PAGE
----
When a delivery person comes to the door, Lana’s Cocker Spaniel starts barking. At first, Lana thought this was good; her dog was warning her when someone approached the door. However, her little dog’s behavior soon became out of control, with hysterical barking that does not stop until long after the delivery person has left. Lana does not mind her dog barking a few times to warn her someone is approaching, she just wants the deranged barking to cease, and for her little Cocker Spaniel to be quiet when she directs her to stop barking. Shouldn't be too much to ask right?
The fact is, dogs bark to protect you and their property, which is natural. However, when barking becomes out of control or your dog does not respond to commands to stop barking, you have a problem. Cocker Spaniels can be high strung, vocal dogs, so your Cocker Spaniel is particularly prone to develop a habit of barking at delivery people. The reason this behavior can be difficult to eradicate is that the behavior is self-rewarding. A stranger approaches your dog's territory, your dog barks, the stranger leaves, your Cocker Spaniel wins! Breaking this habit is going to require some ingenuity. Fortunately, there are several successful strategies for getting your Cocker Spaniel to stop barking at delivery people.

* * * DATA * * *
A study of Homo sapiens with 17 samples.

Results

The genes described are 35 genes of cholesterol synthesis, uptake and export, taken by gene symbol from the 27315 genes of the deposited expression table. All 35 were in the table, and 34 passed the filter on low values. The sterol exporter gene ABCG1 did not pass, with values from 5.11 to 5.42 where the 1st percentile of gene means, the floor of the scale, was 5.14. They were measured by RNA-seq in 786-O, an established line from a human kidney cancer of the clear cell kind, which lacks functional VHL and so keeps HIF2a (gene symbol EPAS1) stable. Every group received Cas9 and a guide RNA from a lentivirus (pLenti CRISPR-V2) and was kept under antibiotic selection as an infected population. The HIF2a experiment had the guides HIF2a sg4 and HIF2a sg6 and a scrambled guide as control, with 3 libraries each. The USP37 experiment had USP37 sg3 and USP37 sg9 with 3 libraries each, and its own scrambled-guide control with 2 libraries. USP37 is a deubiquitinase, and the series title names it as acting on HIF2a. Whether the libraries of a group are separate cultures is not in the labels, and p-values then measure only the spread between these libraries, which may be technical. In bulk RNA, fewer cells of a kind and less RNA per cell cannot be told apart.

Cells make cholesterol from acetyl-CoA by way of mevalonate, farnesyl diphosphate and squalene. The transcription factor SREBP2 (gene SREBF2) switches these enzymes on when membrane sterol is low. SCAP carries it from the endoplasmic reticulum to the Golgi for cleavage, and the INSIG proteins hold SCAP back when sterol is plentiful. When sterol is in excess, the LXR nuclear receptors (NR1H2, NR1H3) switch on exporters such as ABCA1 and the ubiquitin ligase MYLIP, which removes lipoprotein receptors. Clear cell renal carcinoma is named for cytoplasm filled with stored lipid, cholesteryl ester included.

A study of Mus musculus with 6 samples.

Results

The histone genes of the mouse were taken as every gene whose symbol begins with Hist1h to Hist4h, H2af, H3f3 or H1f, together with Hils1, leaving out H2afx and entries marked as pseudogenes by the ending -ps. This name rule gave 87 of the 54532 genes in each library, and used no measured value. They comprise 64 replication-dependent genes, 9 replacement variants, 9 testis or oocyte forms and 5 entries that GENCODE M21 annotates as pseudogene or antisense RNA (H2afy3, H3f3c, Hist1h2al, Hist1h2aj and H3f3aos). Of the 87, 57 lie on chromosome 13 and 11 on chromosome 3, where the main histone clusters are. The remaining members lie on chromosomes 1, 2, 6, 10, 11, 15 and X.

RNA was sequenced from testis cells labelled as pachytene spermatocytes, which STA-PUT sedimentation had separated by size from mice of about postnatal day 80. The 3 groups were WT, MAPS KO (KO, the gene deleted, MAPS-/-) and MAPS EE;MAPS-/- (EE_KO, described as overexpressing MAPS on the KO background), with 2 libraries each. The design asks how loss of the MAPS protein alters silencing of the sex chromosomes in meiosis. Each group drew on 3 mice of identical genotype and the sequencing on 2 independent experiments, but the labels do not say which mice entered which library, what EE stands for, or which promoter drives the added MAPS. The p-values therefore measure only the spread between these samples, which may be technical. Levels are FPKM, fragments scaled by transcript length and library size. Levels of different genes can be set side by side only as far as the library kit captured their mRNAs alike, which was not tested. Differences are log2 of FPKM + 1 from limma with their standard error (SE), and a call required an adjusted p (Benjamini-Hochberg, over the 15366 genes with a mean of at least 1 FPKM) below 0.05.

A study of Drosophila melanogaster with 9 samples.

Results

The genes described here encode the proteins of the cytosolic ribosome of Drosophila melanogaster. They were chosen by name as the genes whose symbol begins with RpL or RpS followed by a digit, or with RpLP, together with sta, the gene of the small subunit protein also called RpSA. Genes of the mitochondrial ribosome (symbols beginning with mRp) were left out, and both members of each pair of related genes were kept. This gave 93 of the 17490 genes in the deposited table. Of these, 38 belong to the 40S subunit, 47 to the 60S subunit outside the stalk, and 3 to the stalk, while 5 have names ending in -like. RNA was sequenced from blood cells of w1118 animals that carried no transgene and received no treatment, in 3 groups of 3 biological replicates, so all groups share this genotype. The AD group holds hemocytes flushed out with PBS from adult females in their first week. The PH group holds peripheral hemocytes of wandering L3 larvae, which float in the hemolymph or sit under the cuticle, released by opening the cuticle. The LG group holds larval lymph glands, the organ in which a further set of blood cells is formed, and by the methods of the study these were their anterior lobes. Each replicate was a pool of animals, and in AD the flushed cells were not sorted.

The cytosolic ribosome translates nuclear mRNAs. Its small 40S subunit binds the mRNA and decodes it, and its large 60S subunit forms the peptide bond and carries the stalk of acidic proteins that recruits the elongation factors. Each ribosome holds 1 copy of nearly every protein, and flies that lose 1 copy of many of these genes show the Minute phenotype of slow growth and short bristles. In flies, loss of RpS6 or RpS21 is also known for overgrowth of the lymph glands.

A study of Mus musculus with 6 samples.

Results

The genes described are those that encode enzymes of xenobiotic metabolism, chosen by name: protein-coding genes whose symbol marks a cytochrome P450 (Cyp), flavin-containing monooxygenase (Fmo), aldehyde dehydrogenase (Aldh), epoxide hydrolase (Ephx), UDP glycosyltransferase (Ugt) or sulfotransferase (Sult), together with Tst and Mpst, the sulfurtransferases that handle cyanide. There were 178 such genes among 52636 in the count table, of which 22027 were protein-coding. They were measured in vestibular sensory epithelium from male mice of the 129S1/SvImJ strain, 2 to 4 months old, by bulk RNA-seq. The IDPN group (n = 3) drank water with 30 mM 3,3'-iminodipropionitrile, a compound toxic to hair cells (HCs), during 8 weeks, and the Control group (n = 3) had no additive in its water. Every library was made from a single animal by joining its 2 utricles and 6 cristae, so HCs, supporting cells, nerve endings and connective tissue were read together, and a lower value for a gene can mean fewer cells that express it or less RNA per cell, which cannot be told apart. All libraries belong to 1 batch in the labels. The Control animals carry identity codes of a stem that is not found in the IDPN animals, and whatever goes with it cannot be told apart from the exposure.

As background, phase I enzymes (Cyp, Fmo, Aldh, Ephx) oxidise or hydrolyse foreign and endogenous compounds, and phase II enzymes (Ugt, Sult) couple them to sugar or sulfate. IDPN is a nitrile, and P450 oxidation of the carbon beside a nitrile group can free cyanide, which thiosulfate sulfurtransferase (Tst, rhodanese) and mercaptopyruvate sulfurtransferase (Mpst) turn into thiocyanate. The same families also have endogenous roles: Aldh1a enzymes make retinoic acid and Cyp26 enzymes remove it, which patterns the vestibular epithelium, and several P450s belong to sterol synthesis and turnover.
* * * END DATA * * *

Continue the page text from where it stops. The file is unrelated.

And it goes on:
Getting your Cocker Spaniel to stop barking at delivery people, after a brief alert that someone has approached, will require consistency and dedication. You ultimately want your Cocker Spaniel to respond to your command to stop barking once you have been alerted. Teaching your Cocker Spaniel to bark on command is, ironically, useful for teaching him not to bark, as it teaches him that barking is something you do when asked and stop doing when asked. Teaching behaviors that are incompatible with barking and creating a positive association with delivery people, so that your Cocker Spaniel learns that your delivery person is not there to axe murder the whole family, are also useful strategies. Working with a young dog is the easiest, as they will not have had time to develop a barking habit yet, which may be hard to break. Older dogs can also be taught to be quiet when delivery people approach the house, but training may require more time and consistency.
Having an assistant play the delivery person will be extremely useful so that you can control the situation and be prepared to direct your dog. If you rely on actual delivery people to trigger the unwanted behavior, you may be caught unprepared or stressed out trying to teach your dog and deal with a delivery at the same time. If your assistant can come dressed similar to a mail or delivery person and carry packages, that is even better for simulating the actual situation. Have treats ready to reinforce positive behavior. Avoid punishing or yelling at your barking Cocker Spaniel, as this only creates excitement and tension and gives him attention for his barking behavior (even if it is negative), which generally escalates the behavior.